Storing kiln-dried lumber

Controlling the humidity in the atmosphere around stored lumber. January 16, 2002

Will wood that is kiln-dried absorb moisture and/or give up moisture quicker than wood that is only air-dried? We would like to provide a humidity-controlled storage building for our kiln-dried lumber, but can't afford it now. What is the best way to keep moisture content of milled and un-milled lumber in check? It seems that wood inside a "dead piled" pack of lumber has an okay moisture content compared to that on the outside.

Forum Responses
The US Department of Agriculture has a nice book on lumber storage. See the list of publications at WOODWEB's Bookstore:

Do you know that heating a storage area about 25 F above the outside low temperature will give you suitably dry conditions?

If you have a tight pile so that only 1% of the lumber is on the outside, plus the ends of all pieces (which pick up a little MC), maybe when you use this lumber the 1% or so of the pieces and ends will end up in 10% of the pieces that you are making and give you or your customer trouble. Storage is important.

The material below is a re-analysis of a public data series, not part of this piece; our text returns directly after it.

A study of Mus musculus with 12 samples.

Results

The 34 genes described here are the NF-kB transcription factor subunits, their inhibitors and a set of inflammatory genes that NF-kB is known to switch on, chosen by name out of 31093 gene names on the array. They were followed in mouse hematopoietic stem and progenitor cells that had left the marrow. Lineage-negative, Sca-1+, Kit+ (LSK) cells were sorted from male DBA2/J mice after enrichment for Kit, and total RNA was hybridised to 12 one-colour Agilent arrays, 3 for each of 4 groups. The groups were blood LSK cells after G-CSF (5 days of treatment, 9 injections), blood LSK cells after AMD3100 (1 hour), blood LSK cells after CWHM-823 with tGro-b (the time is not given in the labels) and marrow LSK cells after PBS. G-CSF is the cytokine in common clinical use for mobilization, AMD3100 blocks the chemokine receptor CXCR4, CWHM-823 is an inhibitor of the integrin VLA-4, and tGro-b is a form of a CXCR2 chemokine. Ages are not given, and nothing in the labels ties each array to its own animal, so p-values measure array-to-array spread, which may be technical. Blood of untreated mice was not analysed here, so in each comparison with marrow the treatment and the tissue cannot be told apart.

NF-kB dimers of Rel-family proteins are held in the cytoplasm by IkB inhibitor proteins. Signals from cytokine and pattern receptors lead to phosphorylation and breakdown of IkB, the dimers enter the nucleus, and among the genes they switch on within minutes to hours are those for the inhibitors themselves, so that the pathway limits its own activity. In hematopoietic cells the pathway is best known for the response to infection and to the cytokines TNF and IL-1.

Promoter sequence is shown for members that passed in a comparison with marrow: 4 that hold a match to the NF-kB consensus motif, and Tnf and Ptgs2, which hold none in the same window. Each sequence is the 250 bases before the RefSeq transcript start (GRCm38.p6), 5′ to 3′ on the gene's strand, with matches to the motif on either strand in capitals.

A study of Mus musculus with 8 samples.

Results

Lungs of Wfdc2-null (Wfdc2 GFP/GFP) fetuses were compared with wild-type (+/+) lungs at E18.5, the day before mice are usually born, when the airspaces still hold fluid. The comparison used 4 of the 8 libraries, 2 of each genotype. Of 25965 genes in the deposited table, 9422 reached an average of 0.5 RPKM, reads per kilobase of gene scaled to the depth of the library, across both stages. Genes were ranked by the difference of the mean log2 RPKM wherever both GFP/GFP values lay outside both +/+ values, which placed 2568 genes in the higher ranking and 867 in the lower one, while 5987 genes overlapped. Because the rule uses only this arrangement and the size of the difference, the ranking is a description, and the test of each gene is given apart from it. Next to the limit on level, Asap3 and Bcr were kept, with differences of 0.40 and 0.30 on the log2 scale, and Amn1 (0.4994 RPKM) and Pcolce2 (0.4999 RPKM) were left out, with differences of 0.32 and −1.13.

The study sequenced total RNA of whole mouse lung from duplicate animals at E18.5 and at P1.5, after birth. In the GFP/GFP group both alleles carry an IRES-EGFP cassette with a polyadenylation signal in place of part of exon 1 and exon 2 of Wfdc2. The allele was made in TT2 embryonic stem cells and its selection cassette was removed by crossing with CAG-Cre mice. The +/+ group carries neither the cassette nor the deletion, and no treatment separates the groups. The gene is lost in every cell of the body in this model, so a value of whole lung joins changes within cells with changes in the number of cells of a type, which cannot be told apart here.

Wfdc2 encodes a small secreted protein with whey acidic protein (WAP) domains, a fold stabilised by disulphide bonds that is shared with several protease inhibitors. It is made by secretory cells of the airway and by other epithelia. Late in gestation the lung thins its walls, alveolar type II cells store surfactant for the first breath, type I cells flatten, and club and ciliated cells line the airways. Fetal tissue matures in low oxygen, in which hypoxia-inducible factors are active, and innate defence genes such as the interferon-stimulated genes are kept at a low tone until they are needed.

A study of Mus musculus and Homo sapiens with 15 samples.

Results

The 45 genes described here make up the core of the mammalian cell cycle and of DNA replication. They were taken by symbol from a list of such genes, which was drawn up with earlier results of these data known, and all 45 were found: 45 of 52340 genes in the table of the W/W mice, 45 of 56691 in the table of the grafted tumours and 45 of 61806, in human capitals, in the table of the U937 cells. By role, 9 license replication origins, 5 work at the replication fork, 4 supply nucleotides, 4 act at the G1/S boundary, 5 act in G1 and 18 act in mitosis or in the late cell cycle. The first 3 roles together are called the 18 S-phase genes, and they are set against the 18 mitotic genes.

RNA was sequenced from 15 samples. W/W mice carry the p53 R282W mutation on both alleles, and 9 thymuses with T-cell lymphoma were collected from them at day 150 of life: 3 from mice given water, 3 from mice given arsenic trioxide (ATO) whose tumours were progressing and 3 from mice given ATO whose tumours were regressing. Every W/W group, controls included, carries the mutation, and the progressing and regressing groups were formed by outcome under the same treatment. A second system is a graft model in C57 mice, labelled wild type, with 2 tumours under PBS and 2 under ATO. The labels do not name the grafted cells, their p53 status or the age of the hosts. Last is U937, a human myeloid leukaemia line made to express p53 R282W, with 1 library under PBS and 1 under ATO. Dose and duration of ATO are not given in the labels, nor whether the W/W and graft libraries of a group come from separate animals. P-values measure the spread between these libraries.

Gene Wengert, forum technical advisor

Assuming the air-dried wood is as dry as it will get in your area - equal to the equilibrium moisture content (EMC) - about 12%. Assuming the kiln-dried wood is about 7%. The air-dried wood will not change because it is already equal to the EMC. The kiln-dried wood will approach 12%, gaining moisture. Both will end up at 12%.

If you can heat storage space, run the heat on a humidistat instead of a thermostat. You will find the temperature will run all over the place but it will keep the lumber dry. You can set some temperature limits for comfort, but this should not be workspace, just storage space. We get asked all the time about dehumidifying space to keep lumber dry. That can be done but is difficult and expensive. Heating is more practical.